Hello, this is Laura Lee Rose – author of the business and time management books TimePeace: Making peace with time – the The Book of Answers: 105 Career Critical Situations – and I am a business and efficiency coach that specializes in time management, project management and work-life balance strategies.
Today’s question came from a busy entrepreneur.
Do I need to buy out my partner upon dissolution of a LLC?
I started an LLC 5 years ago in Pennsylvania. I brought a partner on board and his share is 49%. We never had a formal Partnership agreement. He never took a salary and just paid expenses. We never really made any profit after paying my salary. He now wants to dissolve the corporation. He is saying to dissolve the company I must buy out him out. My partner never made any capital contributions, he only paid expenses. He also never paid any taxes only I did. My questions are:
- Do I really need to buy him out?
2. Is he entitled to back profits (which were very minimal)?
3. If there are no assets for the company, what will he be able to get out of the business upon dissolution?
Begin with the End in Mind:
Habit 2 from Stephen Covey’s 7 Habits of Highly Effective People is “Begin with the End in Mind.” This habit was specifically designed to create effective goals. Is your goal to build the business until you can sell it? Are you envisioning a Franchise or licensing path? Where do you think you are going with this idea?
But this is also critical when deciding partnership term. By this, I mean, whenever you create a contract of any type, you need to consider how the partnership (or whatever) will end. In regards to a partnership – discuss exactly what you want to if one person wants to be released, or if the company is dissolved. When entering into any partnership or business relationship – it’s extremely important to include documentation on EXIT Strategies (up front). This avoids the problem that is now occurring.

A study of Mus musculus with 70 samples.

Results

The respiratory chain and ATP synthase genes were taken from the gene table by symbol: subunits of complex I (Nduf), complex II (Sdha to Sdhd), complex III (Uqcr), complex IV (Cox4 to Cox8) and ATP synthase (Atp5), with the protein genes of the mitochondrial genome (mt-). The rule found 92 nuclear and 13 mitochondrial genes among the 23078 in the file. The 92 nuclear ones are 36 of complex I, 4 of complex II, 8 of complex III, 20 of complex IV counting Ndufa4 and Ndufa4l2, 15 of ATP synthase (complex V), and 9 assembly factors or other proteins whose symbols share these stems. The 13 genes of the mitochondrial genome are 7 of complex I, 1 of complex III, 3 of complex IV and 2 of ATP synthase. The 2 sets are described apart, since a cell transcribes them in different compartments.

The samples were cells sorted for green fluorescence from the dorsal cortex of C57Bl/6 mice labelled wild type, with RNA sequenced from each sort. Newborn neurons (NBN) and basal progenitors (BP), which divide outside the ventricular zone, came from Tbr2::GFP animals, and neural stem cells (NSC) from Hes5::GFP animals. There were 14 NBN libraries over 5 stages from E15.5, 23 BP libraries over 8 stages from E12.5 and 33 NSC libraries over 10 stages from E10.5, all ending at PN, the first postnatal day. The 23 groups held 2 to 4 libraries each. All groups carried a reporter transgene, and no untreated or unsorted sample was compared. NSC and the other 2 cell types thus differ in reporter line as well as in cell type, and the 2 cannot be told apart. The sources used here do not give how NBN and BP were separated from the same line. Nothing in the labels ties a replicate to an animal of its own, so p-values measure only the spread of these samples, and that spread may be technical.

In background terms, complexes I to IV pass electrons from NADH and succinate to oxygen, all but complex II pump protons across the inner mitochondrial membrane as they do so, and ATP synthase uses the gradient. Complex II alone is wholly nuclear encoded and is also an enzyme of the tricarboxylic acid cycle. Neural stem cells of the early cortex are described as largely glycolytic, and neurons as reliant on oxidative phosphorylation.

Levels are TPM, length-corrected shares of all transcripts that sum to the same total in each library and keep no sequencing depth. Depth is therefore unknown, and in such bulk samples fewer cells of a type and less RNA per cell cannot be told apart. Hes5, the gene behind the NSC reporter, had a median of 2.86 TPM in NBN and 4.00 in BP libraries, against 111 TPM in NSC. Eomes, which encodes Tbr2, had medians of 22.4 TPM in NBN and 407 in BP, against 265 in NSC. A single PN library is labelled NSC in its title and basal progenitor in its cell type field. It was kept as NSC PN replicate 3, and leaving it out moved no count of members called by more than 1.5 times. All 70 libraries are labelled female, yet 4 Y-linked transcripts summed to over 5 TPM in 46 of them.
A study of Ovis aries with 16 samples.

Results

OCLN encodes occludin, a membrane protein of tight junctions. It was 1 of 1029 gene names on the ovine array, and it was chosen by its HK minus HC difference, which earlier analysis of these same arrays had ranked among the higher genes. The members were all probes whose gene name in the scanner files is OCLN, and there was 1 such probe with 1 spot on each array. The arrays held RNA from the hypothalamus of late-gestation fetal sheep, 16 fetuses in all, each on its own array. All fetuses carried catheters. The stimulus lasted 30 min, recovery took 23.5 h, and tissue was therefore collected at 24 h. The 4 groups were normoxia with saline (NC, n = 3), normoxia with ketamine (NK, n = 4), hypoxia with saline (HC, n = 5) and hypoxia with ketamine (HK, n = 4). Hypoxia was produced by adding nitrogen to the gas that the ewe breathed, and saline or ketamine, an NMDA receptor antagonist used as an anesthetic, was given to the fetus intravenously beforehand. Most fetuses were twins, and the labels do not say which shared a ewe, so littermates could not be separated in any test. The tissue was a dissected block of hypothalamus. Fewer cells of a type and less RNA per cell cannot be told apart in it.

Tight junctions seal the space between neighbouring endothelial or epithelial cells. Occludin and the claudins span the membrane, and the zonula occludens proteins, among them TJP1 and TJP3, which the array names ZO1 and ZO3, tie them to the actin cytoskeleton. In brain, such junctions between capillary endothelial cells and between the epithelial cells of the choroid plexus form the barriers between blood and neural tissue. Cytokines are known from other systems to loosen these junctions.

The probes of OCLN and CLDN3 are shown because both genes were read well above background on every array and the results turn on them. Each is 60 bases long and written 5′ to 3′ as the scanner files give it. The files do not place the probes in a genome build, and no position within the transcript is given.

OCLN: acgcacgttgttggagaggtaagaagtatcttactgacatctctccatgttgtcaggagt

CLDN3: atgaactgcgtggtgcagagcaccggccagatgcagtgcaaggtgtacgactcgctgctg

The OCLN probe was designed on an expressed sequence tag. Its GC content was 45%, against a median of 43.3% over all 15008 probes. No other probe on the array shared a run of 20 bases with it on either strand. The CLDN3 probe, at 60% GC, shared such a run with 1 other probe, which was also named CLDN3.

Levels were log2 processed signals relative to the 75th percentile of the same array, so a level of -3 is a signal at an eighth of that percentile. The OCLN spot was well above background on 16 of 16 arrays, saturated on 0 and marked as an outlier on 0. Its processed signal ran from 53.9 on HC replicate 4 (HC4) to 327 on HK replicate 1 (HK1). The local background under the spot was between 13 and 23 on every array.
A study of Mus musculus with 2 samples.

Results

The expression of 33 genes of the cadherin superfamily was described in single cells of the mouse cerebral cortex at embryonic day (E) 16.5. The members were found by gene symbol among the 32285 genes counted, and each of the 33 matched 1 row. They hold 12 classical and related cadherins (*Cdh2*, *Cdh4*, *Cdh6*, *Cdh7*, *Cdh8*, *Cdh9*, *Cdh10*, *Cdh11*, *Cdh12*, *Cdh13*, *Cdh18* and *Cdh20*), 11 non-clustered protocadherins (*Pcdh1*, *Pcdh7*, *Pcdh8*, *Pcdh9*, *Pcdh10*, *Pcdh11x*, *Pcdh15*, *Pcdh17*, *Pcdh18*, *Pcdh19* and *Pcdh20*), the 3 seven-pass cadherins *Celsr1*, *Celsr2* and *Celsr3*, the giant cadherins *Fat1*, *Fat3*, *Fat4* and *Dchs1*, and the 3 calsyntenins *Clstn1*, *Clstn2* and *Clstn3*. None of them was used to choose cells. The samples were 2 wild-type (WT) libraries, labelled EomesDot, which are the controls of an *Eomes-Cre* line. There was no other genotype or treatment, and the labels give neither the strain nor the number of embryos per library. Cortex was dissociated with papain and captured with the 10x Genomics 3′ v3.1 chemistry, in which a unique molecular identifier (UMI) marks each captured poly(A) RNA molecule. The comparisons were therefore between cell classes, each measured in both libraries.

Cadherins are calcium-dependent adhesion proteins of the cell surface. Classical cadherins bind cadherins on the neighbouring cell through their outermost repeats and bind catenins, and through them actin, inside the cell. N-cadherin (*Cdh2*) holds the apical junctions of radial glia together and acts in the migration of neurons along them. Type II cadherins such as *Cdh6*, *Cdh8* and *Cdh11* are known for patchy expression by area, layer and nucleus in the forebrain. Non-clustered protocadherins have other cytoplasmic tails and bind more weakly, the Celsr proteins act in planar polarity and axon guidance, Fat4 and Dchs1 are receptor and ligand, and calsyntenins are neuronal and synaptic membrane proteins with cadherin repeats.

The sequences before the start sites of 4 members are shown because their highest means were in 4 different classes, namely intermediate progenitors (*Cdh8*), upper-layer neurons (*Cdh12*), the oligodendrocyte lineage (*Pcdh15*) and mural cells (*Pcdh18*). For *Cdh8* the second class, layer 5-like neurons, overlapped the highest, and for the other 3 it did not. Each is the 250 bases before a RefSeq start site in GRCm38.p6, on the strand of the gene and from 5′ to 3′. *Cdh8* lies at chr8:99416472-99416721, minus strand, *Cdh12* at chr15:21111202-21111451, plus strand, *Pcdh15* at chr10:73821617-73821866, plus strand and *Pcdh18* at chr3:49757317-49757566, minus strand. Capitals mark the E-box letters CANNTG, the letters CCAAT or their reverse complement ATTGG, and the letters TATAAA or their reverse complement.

When an Exit Strategy is missing
Since there is no contract or documentation in this example, verbal contracts can be misinterpreted and hard to enforce. So if you wanted to dissolve on good terms, consider itemizing the following assets of the company (like dissolving a marriage):
- Document/list everything he put into the company ($$)
- List everything is he took from the company ($$, and value of any assets)
- List everything you put into the company ($$, tax payment and value of any assets)
- List everything you took from the company ($$, salary, expenses, value of any assets)
- List the profits of the company.
- After all the +/- are calculated, and if there’s a remaining balance…. give him 49% of what’s left.
- If there’s a -negative balance, decide what you want to do with that (he also owns 49% of the debt).
Show your partner the itemized balance sheet and start a dialog. Be above board and transparent in your dealings and intentions.
Consider hiring an arbiter to assure an amicable solution.
I know your situation is different. If you would like additional information on this topic, please contact LauraRose@RoseCoaching.info
I am a business coach and this is what I do professionally. It’s easy to sign up for a complementary one-on-one coaching call, just use this link https://www.timetrade.com/book/WFSFQ
With enough notice, it would be my honor to guest-speak at no cost to your group organization.